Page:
As Prime Minister Stephen Harper wraps up his annual northern tour, the Central Intelligence Agency assessment serves as a reminder that he’s not the first prime minister to wave a political flag in the North.
The August 1983 report is among several CIA documents about Canadian affairs released under the U.S. Freedom of Information Act in recent years.
The CIA said Trudeau—and his political predecessors—had effectively tapped into a sense of northern identity, historically a strong ingredient of Canadian nationalism.
The intelligence agency felt Ottawa’s interest in asserting itself in the North was primarily due to the region’s abundance of petroleum, natural gas, and coal.
“This policy has been unilateralist and has resulted in some international friction, particularly with the United States,” says the report, adding, “We believe, however, that it will be maintained.”
Portions of the CIA handbook on the Canadian Arctic, which is intended as a reference aid, remain secret. It traces the history of Canada’s claims over the Arctic and examines how boundary disputes, the environment, energy policy, the Inuit, and territorial administration had figured in Ottawa’s strategy over the decades.
For most of the 20th century, Canada’s claims were not challenged because of the region’s inaccessibility and the general lack of interest in—or knowledge of—its vast resources, the CIA notes.
The Canadian government “clearly grew uneasy” by the late 1960s as the scarcity of world fuel reserves became increasingly apparent and the location of the Arctic’s natural resources became better known.
The U.S. tanker Manhattan’s 1969 voyage—without notification or permission—through the Northwest Passage sparked fears of a diminished Canadian grip on the region.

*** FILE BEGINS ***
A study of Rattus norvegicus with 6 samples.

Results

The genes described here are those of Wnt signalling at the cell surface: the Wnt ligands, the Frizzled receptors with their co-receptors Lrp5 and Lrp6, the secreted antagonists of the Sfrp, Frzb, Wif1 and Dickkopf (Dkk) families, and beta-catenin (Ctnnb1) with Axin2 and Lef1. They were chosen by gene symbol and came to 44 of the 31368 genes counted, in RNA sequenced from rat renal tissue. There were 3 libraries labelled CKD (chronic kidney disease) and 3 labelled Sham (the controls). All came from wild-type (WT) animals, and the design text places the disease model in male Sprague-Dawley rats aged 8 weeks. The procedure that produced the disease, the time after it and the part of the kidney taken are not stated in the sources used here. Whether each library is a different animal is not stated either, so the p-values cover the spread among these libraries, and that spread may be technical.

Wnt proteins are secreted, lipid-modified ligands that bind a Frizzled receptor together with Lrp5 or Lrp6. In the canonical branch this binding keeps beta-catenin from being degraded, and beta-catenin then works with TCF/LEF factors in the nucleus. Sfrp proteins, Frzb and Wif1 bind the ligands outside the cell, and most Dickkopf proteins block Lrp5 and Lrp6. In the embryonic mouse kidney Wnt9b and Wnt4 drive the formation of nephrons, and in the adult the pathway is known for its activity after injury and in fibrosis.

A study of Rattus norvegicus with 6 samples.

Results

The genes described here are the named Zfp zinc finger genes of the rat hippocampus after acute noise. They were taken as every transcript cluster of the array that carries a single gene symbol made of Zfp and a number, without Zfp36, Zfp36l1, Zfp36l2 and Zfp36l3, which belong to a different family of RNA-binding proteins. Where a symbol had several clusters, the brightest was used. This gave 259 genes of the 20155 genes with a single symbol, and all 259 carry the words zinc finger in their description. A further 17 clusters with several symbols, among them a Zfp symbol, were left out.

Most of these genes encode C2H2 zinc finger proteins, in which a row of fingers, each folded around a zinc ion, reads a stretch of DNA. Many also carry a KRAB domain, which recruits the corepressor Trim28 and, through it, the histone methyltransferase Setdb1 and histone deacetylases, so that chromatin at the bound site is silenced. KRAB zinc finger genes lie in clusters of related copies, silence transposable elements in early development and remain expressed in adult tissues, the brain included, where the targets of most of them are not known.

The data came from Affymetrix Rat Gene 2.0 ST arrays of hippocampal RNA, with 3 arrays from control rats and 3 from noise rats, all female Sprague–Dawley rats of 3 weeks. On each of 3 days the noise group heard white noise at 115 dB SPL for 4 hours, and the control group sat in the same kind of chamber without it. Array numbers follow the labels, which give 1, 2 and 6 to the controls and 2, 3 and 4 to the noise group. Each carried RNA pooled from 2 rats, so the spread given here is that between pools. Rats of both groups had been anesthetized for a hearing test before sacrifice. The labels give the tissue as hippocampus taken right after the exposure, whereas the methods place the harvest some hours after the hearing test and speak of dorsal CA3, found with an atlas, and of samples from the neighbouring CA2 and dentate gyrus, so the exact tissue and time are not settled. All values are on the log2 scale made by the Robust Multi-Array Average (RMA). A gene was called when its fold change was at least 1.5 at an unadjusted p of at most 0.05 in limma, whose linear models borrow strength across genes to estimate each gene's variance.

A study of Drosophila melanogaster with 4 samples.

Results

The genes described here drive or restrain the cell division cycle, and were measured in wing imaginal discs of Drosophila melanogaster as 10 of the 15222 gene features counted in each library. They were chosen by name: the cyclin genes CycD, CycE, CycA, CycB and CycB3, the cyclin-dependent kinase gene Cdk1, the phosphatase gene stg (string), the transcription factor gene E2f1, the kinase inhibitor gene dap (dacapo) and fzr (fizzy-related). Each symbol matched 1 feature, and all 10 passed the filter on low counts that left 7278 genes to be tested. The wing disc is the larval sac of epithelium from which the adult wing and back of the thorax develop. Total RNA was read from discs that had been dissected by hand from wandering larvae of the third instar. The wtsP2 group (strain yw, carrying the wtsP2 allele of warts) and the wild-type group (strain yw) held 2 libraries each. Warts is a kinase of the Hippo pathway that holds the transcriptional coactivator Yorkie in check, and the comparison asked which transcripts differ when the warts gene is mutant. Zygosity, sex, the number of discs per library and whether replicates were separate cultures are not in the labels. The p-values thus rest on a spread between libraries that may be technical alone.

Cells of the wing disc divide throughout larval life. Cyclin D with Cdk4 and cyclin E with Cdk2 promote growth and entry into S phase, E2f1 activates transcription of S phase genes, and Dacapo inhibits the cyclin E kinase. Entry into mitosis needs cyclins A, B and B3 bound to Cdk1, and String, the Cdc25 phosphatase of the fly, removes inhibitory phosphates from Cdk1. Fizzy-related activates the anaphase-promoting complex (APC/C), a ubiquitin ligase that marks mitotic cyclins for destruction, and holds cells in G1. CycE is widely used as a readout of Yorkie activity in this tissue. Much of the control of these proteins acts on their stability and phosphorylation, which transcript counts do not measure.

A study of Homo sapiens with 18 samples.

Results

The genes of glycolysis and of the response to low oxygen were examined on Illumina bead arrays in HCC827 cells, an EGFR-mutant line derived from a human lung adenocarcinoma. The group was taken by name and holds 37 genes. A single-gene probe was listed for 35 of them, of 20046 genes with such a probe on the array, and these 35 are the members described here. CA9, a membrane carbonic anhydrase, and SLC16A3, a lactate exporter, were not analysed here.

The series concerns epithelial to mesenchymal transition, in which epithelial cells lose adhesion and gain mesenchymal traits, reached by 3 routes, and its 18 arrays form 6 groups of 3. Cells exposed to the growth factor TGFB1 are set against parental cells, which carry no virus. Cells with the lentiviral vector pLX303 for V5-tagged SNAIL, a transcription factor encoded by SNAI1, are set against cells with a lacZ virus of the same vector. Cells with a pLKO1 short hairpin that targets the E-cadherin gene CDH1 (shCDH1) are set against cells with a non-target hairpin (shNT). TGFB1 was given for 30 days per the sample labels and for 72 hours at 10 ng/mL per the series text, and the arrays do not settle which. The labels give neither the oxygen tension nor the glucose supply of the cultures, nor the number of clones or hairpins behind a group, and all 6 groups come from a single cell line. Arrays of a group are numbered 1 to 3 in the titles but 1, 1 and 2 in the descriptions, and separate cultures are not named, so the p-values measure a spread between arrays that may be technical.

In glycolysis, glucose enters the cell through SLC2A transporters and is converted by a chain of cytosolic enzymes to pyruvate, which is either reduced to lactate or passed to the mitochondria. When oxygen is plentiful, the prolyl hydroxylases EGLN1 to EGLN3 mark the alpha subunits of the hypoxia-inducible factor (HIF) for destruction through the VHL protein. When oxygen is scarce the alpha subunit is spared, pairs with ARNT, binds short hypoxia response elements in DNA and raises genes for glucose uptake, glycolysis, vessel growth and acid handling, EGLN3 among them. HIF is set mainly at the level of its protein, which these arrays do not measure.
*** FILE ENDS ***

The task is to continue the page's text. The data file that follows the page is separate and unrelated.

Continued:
Canada moved to strengthen its legal position by making new jurisdictional claims over fisheries and pollution control, investing in oil and gas exploration, increasing the military’s presence, and trying to improve communication systems, the report points out.
“It has also sought to formulate Arctic policies with a nationalistic slant to create public interest in and enthusiasm for the development of the ‘last frontier.'”
The United States has long been skeptical of Canada’s efforts, however, said Christopher Sands, a Canada-U.S. relations expert at the Washington-based Hudson Institute.
“The complaint from the U.S. side, for as long as I can remember, is that Canada uses the Arctic for domestic political purposes—(and) doesn’t follow through on commitments and capabilities,” Sands said in an interview.
The 1985 passage of another U.S. tanker, the Polar Sea, though the Arctic prompted bold plans by Brian Mulroney’s Progressive Conservative government to procure an expensive new icebreaker. Soon after, there was talk of acquiring nuclear-powered submarines, but none of these ideas came to fruition.
In recent years, concerns about Arctic sovereignty have intensified due to global warming and the melting of sea ice, which many believe will lead to increased ship traffic through the Northwest Passage.
The Harper government has announced plans for new offshore patrol ships, a high-Arctic research station and a beefed-up military capability in the North.
“This has been a durable theme in Canada, and so I would expect Stephen Harper to keep going up every year he can. Probably his successor will as well,” Sands said.
“And there will be lots of announcements of spending. But in terms of actually developing a presence up there, it won’t happen. At least it won’t happen unless there’s a shock to the system that really leads Canadians to demand something else from their leadership.”